Metropolitan Cathedral, Liverpool (Exterior)
Photo: CHowells and used under license
Mystery Worshipper: C.
The church: Metropolitan Cathedral of Christ the King, Liverpool, England.
Denomination: Roman Catholic, Archdiocese of Liverpool.
The building: Big, modern, concrete and glass, round. It is the largest Roman Catholic cathedral in England. Dedicated to Christ the King and intended to resemble a crown, many Liverpudlians think it resembles a tent instead and so have dubbed it "Paddy's Wigwam." It was built to the design of English architect Sir Frederick Ernest Gibberd, whose rather strange bedfellows include London Central Mosque, the Didcot Power Station in Oxfordshire, the terminal buildings at Heathrow Airport, and the Inter-Continental Hotel, Hyde Park Corner, among others. The inside is rather stunning, with stained glass and coloured lighting creating an aura of tranquillity and intense religious feeling.
The church: They are part of Churches Together in the Merseyside Region and participate in a food bank. Friends of the Cathedral sponsor several educational, informational and fund-raising activities. The Art Studio takes care of making and repairing hangings, banners, vestments and stoles, not only for the cathedral but for neighbouring churches as well. There are several Sunday masses, including one in Polish, plus choral evening prayer, as well as masses and morning and evening prayer during the week.
The neighbourhood: Mainly university from what I can see. The cathedral was built on the site of a former workhouse and looks along Hope Street to the Anglican cathedral.
The cast: The Revd Canon Anthony O'Brien, dean of the cathedral.
The date & time: Twelfth Sunday in Ordinary Time, 21 June 2015, 11.00am.

What was the name of the service?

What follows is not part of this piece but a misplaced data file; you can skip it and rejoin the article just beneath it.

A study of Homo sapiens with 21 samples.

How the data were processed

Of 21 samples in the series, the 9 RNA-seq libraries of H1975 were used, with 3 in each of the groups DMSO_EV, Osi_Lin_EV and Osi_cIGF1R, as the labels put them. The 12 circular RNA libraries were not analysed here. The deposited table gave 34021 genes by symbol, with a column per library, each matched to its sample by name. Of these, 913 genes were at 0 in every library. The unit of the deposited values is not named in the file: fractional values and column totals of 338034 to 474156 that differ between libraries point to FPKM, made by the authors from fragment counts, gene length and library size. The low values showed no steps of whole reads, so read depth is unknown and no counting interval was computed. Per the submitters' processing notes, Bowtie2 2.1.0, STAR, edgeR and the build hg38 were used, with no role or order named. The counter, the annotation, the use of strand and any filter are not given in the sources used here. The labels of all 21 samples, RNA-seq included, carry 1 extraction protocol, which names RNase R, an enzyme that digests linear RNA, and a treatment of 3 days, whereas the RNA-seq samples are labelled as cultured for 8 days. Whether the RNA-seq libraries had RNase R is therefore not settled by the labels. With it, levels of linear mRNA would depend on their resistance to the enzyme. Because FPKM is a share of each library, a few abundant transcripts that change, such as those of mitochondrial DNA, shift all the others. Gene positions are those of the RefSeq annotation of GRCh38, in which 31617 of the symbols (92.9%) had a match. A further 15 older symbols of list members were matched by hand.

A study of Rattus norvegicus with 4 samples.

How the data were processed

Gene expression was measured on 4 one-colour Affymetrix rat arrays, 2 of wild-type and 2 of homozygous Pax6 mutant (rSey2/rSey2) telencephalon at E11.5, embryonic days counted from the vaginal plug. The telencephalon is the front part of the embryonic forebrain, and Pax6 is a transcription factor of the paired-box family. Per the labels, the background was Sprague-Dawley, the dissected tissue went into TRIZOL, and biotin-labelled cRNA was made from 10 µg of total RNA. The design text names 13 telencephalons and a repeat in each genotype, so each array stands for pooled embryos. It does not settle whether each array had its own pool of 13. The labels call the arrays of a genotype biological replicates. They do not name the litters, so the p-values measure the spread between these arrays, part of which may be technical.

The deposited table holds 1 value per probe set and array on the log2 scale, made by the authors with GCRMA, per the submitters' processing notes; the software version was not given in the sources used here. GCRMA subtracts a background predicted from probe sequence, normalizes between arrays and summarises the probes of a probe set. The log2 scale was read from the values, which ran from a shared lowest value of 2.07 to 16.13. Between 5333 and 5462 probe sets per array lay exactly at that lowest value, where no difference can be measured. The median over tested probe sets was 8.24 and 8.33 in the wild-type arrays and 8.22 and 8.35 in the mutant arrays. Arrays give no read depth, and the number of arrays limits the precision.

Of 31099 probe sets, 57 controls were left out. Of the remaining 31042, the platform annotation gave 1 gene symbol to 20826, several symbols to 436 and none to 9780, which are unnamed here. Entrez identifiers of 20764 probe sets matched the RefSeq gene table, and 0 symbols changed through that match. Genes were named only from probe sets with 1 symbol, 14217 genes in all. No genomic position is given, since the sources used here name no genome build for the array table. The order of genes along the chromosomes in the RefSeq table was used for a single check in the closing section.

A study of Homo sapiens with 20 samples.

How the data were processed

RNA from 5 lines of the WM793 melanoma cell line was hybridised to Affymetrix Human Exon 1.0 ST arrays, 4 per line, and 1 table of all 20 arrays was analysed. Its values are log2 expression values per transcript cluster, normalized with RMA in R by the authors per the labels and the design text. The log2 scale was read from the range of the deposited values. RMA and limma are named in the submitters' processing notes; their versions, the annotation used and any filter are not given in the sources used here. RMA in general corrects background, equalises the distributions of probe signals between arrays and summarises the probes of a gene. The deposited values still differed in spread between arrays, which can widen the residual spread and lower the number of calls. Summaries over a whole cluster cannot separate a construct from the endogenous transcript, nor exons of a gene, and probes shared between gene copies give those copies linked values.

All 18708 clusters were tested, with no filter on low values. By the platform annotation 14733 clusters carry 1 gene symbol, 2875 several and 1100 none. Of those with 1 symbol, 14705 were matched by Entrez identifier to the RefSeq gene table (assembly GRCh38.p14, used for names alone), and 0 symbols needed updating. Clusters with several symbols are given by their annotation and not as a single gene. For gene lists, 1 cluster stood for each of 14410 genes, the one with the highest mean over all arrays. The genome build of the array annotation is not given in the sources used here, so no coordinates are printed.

Solemn Mass.

How full was the building?
There didn't seem to be a lot of people, gut a guesstimate would be around 200, well spaced around the front semicircle.

Did anyone welcome you personally?
A greeter gave us an order of service and asked if we were visitors and where from.

Was your pew comfortable?
Not very! The seat itself was OK, but fixed kneelers were in the way of me getting my feet and legs comfortable.

How would you describe the pre-service atmosphere?
Quiet.

What were the exact opening words of the service?
"In the name of the Father, and of the Son, and of the Holy Spirit."

What books did the congregation use during the service?
Supplied service sheet, which included readings, hymns and congregational bits.

What musical instruments were played?
Organ plus a robed choir of boys and men.

Did anything distract you?
It was draughty, though on a warm summer's day this was bearable. I also noted that the servers were smartly dressed with black shoes and socks, with no outrageous colours showing below the cassocks.

Metropolitan Cathedral, Liverpool (Interior)

Was the worship stiff-upper-lip, happy clappy, or what?
Formal. The mass setting was the Missa Brevis, op. 57, of Sir Lennox Berkeley, with a Gregorian creed and Sanctus. Two Vaughan Williams anthems were sung. Congregational hymns were of the traditional kind. My daughter had to step out mid-mass to put another hour on the parking meter, and she had to wait till the end of the eucharistic prayer to come back in, which I think was not unreasonable.

Exactly how long was the sermon?
8 minutes.

On a scale of 1-10, how good was the preacher?
8 – The dean spoke well, but my ear is not accustomed to the local accent and I found it a bit odd.

In a nutshell, what was the sermon about?
He linked the gospel reading (Mark 4:35-41 – Jesus calms the storm) to the recent visit of Cunard liners and the 10 year diocesan project that has encouraged parishes to work together.

Which part of the service was like being in heaven?
The sun coming through the window. The organ voluntary (the Easter Chorale of William Mathias) at the end, where at last there was some oomph.

And which part was like being in... er... the other place?
The acoustics were not great. Much echo, so I couldn't hear the music as well as I would have liked.

What happened when you hung around after the service looking lost?
We stopped to listen to the voluntary while our seatmates climbed over us to get out. When we finally got up to leave, we noticed that the clergy were still in the vestibule but somehow we managed not to be spoken to.

How would you describe the after-service coffee?
Coffee (instant), and tea served from teapots into cups with saucers. One plain biscuit was in each saucer.

How would you feel about making this church your regular (where 10 = ecstatic, 0 = terminal)?
6 – If I were local (but I'm not), I would like to establish if there was a regular active community.

Did the service make you feel glad to be a Christian?
Yes.

What one thing will you remember about all this in seven days' time?
The calming, inspiring lighting effect of the interior.